Best of New Directors/New Films: The Man Next Door

The Man Next Door plays on fears of proximity.

The Man Next Door (El hombre de al lado)
(Mariano Cohn & Gastón Duprat. 2009. Argentina. 103 min.)

Nobody loves movies about the neighbor-from-hell more than a New Yorker, because we live with so many of them. This one’s a keeper. Imagine you’re residing in a drop-dead showplace actually designed by the famed Swiss/French architect, Le Corbusier. (The house here is in Buenos Aires and was filmed entirely within.) Imagine waking to the CLUNK…CLUNK…CLUNK of wall demolition a few feet away. It’s the next door neighbor who’s knocking out a huge hole to install a picture window “so I can get a few rays of sunlight” and look right into your glass-enclosed rooms. Uh, huh.

The poor guy waking up to this nightmare is himself a chic industrial designer (Rafael Spregelburd) with a pouty wife and teen daughter; he’s bright but hasn’t a clue how to approach his brutish, swinish lout of a neighbor—an intense, gravel-voiced giant with a tricked-out van and a mentally vacant uncle who brings the bewildered architect a jar of marinated boar and a metal statue chiefly composed of shotgun shells. Getting-to-know-you gifts. Holy moly. This brute is played by Daniel Araoz, a splendid actor who will remind you of Wes Studi in one of that actor’s foulest, most dangerous moods.

If you enjoyed Isabelle Huppert losing it in Home, where she literally walls her family into their country home when a superhighway starts rolling through their front yard, you’ll pay close attention to how directors Mariano Cohn and Gastón Duprat ratchet up the misery index in The Man Next Door. This is a shaggy-elite story with the usual Not-In-My-Backyard urban provisos, but it’s also a boldly styled class conflict. There’s a surprise ending that resolves too many issues too quickly, but it’s not an ending that whores out the story. The next time you’re ready to give up on 311 and dial 911—any night now, you say?—catch this Argentinian number instead.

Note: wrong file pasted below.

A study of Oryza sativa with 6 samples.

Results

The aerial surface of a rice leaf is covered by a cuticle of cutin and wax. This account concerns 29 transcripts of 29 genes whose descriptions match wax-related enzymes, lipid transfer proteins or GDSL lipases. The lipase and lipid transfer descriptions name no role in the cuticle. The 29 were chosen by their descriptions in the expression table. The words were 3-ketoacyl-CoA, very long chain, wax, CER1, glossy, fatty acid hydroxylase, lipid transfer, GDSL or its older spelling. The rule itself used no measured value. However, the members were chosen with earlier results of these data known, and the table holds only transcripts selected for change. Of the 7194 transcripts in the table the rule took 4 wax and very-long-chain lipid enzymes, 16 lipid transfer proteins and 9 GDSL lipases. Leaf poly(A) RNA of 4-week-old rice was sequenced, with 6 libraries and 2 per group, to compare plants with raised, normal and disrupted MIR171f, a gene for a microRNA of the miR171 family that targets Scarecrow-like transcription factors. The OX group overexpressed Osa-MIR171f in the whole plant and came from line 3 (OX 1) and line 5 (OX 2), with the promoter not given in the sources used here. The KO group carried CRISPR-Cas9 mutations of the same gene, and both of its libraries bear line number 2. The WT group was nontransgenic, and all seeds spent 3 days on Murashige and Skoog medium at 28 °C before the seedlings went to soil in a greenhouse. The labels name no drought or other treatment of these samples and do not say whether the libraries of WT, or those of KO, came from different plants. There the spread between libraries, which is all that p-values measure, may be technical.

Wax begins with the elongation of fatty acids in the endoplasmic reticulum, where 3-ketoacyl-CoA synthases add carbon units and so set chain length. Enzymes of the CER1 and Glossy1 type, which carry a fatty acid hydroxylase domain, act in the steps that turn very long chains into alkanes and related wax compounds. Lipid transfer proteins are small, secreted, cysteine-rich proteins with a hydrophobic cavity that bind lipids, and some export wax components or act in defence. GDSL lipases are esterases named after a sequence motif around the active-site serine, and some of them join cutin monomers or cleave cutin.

The Man Next Door screens Wed. March 31st at 6:15 pm at The Muesum of Modern Art and Thurs. April 1st at 9 pm at The Walter Reade Theater. Visit the New Directors/New Films festival site here. Find The Independent’s complete list of ND/NF films here.

About :

Kurt Brokaw joined The Independent in 2010 as Senior Film Critic, covering New York’s six major film festivals and reviewing individual features and shorts of merit.  He was Associate Teaching Professor at The New School for 33 years, and has taught courses on film noir, early lesbian fiction and Jewish-themed cinema at The 92nd Street Y for 15 years. His memoir, The Paperback Guy, was published in 2020.